Prothrombin time (PT) is a blood test that measures the time it takes for the liquid portion (plasma) of your blood to clot.
A related blood test is partial thromboplastin time (PTT).
How the Test is Performed
A blood sample is needed. If you are taking blood-thinning medicines, you will be watched for signs of bleeding.
How to Prepare for the Test
Certain medicines can change blood test results.
- Your health care provider will tell you if you need to stop taking any medicines before you have this test. This may include aspirin, heparin, antihistamines, and vitamin C.
- DO NOT stop or change your medicines without talking to your provider first.
Also tell your provider if you're taking any herbal remedies.
How the Test will Feel
When the needle is inserted to draw blood, some people feel moderate pain. Others feel only a prick or stinging. Afterward, there may be some throbbing or slight bruising. This soon goes away.
Why the Test is Performed
The most common reason to perform this test is to monitor your levels when you are taking a blood-thinning medicine called warfarin. You are likely taking this medicine to prevent blood clots.
Your provider will check your PT regularly.
You may also need this test to:
- Find the cause of abnormal bleeding or bruising
- Check how well your liver is working
- Look for signs of a blood clotting or bleeding disorder
PT is measured in seconds. Most of the time, results are given as what is called INR (international normalized ratio).
If you are not taking blood thinning medicines, such as warfarin, the normal range for your PT results is:
- 11 to 13.5 seconds
- INR of 0.8 to 1.1
If you are taking warfarin to prevent blood clots, your provider will most likely choose to keep your INR between 2.0 and 3.0.
Ask your provider what result is right for you.
Normal value ranges may vary slightly among different laboratories. Some labs use different measurements or test different samples. Talk to your provider about the meaning of your specific test results.
What Abnormal Results Mean
If you are not taking blood thinning medicines, such as warfarin, an INR result above 1.1 means your blood is clotting more slowly than normal. This may be due to:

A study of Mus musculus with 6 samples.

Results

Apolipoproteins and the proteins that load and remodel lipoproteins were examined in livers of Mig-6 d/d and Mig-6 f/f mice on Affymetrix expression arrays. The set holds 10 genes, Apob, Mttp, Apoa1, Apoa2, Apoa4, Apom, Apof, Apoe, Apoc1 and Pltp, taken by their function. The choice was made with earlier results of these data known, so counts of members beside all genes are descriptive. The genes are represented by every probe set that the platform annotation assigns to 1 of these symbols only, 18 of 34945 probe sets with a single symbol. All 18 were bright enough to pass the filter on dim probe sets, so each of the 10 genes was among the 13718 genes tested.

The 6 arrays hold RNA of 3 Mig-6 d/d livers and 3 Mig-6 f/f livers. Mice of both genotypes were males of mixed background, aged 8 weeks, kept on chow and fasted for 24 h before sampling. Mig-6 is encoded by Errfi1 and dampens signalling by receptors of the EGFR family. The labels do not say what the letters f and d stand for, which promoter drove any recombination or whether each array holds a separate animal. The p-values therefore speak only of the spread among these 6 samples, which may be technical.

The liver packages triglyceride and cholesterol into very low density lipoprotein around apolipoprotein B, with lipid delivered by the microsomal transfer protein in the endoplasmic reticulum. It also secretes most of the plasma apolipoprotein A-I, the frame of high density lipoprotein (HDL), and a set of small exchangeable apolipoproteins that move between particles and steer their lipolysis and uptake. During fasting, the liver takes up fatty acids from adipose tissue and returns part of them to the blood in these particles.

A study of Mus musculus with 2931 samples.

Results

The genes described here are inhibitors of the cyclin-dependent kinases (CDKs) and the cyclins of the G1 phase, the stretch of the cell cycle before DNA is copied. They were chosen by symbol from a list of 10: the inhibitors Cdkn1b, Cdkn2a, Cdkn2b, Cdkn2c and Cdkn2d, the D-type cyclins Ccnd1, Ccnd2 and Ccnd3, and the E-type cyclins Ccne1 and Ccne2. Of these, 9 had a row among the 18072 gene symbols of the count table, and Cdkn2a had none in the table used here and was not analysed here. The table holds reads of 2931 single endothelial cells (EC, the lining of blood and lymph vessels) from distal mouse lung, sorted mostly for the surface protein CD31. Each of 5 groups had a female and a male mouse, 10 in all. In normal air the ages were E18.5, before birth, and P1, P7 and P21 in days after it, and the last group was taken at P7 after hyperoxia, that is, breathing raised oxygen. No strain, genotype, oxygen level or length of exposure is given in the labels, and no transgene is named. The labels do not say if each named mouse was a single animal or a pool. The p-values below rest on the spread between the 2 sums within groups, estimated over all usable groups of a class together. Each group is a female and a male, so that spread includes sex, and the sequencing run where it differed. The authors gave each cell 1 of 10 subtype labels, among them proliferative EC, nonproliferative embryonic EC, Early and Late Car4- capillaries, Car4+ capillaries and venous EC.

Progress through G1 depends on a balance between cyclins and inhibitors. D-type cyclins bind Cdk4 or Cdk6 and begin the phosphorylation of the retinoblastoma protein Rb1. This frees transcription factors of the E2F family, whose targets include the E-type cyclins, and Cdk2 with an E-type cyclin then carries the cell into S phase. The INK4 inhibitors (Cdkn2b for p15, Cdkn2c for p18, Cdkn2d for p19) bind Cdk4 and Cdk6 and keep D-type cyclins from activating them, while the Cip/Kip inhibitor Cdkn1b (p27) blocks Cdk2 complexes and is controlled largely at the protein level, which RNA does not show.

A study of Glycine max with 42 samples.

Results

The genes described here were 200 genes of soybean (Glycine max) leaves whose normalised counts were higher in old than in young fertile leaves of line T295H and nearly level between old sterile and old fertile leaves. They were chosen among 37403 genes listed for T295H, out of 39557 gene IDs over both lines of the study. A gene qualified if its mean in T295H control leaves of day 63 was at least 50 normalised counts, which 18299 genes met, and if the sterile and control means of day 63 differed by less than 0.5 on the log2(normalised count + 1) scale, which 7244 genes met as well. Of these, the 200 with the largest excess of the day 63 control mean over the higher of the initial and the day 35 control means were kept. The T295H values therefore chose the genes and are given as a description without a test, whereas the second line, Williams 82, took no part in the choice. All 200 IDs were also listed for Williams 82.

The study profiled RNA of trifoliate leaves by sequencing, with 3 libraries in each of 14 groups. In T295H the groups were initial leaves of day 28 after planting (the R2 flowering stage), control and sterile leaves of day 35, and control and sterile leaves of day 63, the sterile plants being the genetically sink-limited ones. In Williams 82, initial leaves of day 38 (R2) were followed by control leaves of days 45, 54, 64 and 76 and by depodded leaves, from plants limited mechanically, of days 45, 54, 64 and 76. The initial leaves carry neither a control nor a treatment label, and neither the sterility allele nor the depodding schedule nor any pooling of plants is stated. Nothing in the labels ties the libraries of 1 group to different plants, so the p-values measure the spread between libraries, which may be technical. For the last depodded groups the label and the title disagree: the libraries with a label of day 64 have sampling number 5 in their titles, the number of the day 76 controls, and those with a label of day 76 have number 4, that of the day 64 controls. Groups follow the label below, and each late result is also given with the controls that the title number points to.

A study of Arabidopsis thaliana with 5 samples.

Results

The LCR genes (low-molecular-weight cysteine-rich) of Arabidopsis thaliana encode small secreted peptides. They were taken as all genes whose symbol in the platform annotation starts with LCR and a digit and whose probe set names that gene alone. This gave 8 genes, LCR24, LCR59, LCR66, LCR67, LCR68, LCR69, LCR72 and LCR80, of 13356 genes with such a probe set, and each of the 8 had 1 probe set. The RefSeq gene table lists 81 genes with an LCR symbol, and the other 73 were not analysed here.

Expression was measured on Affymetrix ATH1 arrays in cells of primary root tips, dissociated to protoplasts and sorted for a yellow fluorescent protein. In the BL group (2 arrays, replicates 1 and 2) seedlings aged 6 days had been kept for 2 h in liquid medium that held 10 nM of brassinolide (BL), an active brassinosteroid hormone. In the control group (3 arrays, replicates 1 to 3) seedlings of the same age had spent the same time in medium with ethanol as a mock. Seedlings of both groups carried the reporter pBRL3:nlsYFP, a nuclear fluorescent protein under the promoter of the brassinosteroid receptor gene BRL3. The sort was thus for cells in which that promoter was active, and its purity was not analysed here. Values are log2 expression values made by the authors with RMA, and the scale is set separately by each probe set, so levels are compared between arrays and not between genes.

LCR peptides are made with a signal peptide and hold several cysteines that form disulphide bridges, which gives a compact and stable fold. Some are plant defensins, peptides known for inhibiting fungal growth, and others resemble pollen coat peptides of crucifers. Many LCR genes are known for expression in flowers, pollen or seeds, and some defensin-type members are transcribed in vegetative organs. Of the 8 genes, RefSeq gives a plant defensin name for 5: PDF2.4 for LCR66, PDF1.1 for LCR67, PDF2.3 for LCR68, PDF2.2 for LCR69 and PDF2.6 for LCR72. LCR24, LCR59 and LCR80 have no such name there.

- Bleeding disorders, a group of conditions in which there is a problem with the body's blood clotting process.
- Disorder in which the proteins that control blood clotting become over active (disseminated intravascular coagulation).
- Liver disease.
- Low level of vitamin K.
If you are taking warfarin to prevent clots, your provider will most likely choose to keep your INR between 2.0 and 3.0:
- Depending on why you are taking the blood thinner, the desired level may be different.
- Even when your INR stays between 2.0 and 3.0, you are more likely to have bleeding problems.
- INR results higher than 3.0 may put you at even higher risk for bleeding.
- INR results lower than 2.0 may put you at risk for developing a blood clot.
A PT result that is too high or too low in someone who is taking warfarin (Coumadin) may be due to:
- The wrong dose of medicine
- Drinking alcohol
- Taking certain over-the-counter (OTC) medicines, vitamins, supplements, cold medicines, antibiotics, or other medicines
- Eating food that changes the way the blood-thinning medicine works in your body
Your provider will teach you about taking warfarin (Coumadin) the proper way.
This test is often done on people who may have bleeding problems. Their risk of bleeding is slightly higher than for people without bleeding problems.
Other slight risks can include:
- Fainting or feeling lightheaded
- Hematoma (blood accumulating under the skin)
- Infection (a slight risk any time the skin is broken)
- Multiple punctures to locate veins
PT; Pro-time; Anticoagulant-prothrombin time; Clotting time: protime; INR; International normalized ratio
Chernecky CC, Berger BJ. Prothrombin time (PT) and international normalized ratio (INR) - blood. In: Chernecky CC, Berger BJ, eds. Laboratory Tests and Diagnostic Procedures. 6th ed. St Louis, MO: Elsevier Saunders; 2013:930-935.
Ortel TL. Antithrombotic therapy. McPherson RA, Pincus MR, eds. Henry's Clinical Diagnosis and Management by Laboratory Methods. 23rd ed. St Louis, MO: Elsevier; 2017:chap 42.
Review Date 2/7/2017
Updated by: Todd Gersten, MD, Hematology/Oncology, Florida Cancer Specialists & Research Institute, Wellington, FL. Review provided by VeriMed Healthcare Network. Also reviewed by David Zieve, MD, MHA, Medical Director, Brenda Conaway, Editorial Director, and the A.D.A.M. Editorial team.